BWW Review: SHE RODE HORSES LIKE THE STOCK EXCHANGE at Taffety Punk
Taffety Punk takes on an impending economic downturn, workplace dynamics, and the general messiness of human interaction with Amelia Roper's zany play, She Rode Horses Like the Stock Exchange. Like every Taffety show I've ever seen, this one features some really great acting, and the intimate playing space - the black box at Capitol Hill Arts Workshop (CHAW) - allows the audience to experience it up close and personal.
Roper first introduces us to Amy (Jen Rabbitt Ring) and Henry (Marcus Kyd). The two lovers are both enjoying the pleasure of the other's company at a very nice park in Connecticut (represented by a blanket and some patchy grass designed by Crista Noel Smith). It's immediately clear they couldn't be more different from each other. Henry, a nurse, comes off as kind, somewhat awkward, and fun-loving. Amy, a successful investment banker, has the more dominant personality. Her preppy Ralph Lauren sweater and pearls (costume design by Jen Gillette) don't really show off all of who she is as a person. She knows what she wants and she goes and gets it; no questions asked. Take the situation Amy and Henry are discussing for instance. Amy found a great deal on a foreclosed home and went and bought it without talking to Henry first. She even put it in Henry's name (good idea for tax purposes, she claims; everyone does it). Henry is a little surprised at first, but takes it all in stride.
As their discussion about home ownership and other matters lingers on, Amy's co-worker and boss Max (Dan Crane) - also, at first glance, a ruthless go-getter (albeit one with an easier climb to the top) - and his wife Sara (Tonya Beckman) enter the park with loads of bags and a standing lamp. Max and Sara couldn't be more different from each other either, but in this case, the roles are reversed. Sara is the one in the dark about Max's decisions and has little control over what happens.
Amy and Henry hide behind a newspaper as Max and Sara contemplate whether to engage them. Their entry sets the stage for Roper to explore what happens when one go-getter experiences the highest of the highs and then falls swiftly while the other rises to conquer - essentially benefitting from the other's failure. In essence, competition and capitalism at its finest. But, will Amy's "victory" last?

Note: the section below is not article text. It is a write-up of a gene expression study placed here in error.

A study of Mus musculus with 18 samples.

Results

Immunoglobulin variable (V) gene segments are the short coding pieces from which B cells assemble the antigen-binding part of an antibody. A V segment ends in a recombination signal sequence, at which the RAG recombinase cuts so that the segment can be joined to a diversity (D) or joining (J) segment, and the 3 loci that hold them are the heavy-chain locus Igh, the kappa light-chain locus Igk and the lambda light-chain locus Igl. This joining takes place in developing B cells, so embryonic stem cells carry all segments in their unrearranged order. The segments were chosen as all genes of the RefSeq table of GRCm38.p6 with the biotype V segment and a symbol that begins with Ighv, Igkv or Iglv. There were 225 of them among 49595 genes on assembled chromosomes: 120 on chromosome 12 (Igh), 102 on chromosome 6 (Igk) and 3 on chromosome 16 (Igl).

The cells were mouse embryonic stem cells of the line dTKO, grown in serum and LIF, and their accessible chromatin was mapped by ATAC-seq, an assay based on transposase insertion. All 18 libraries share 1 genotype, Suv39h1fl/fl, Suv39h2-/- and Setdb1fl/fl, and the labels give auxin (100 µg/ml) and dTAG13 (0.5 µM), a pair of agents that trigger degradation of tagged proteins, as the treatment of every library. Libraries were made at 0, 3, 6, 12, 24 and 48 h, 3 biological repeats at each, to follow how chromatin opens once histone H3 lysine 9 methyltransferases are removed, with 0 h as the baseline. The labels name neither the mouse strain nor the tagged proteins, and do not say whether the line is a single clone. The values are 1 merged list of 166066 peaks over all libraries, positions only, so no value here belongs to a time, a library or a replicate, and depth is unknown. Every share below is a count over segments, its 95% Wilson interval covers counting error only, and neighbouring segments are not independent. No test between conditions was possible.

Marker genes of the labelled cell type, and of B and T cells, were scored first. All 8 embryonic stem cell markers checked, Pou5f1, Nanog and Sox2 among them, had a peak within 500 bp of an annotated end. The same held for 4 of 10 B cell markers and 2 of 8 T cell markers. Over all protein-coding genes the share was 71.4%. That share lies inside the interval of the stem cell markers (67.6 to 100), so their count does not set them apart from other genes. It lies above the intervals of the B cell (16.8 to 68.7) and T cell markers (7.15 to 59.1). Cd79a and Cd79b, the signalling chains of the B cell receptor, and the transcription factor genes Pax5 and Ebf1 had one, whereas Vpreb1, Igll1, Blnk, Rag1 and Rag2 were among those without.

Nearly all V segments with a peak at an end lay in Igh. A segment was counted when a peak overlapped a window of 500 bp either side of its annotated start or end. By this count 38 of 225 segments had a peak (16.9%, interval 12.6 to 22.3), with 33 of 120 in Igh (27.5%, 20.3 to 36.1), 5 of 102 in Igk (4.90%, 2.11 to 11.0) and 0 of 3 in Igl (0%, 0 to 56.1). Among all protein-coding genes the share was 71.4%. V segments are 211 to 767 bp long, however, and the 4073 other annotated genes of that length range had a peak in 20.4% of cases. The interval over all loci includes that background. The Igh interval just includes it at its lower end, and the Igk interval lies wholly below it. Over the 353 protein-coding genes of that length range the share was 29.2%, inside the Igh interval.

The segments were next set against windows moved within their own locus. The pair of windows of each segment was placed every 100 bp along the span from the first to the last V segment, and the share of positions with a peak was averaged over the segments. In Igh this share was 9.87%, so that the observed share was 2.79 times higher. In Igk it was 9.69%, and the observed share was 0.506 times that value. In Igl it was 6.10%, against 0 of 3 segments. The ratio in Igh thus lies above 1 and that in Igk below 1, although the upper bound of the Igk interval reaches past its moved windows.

The impending economic downturn of 2007 is a great basis to explore the messiness of human interaction, the temporary nature of success, and all associated perils. Roper's play has a slightly absurdist edge, which allows the thematic basis to become especially clear. While she does well to sufficiently explore the themes that she sets out to explore (in part, by choosing to make two of the characters investment bankers), her plot is thin and becomes quite tedious to experience even as acted out by some of DC's finest actors under Kelsey Mesa's perceptive direction. Beckman, Crane, and Kyd have all graced the stage at CHAW - as well as many of the area's most respected theaters - numerous times and they do the great work you'd expect them to do. They embrace the comedy and, amidst all of the absurdity, carve out real human characters experiencing real situations. Beckman, especially, is exceptional at navigating the fine line between portraying a somewhat over-the-top housewife in a cartoonish versus realistic way. Jen Rabbitt Ring may have fewer credits listed in her bio than all the other actors, but she holds her own against them and is inherently believably as a strong female investment banker.
While it's hard to fully embrace this comedic play, it is worth a watch if only for the fine acting and compelling thematic content.
Running Time: 90 minutes with no intermission.
SHE RODE HORSES LIKE THE STOCK EXCHANGE plays at CHAW - 545 7th St, SE in Washington, DC - through October 14, 2017. Tickets can be purchased online.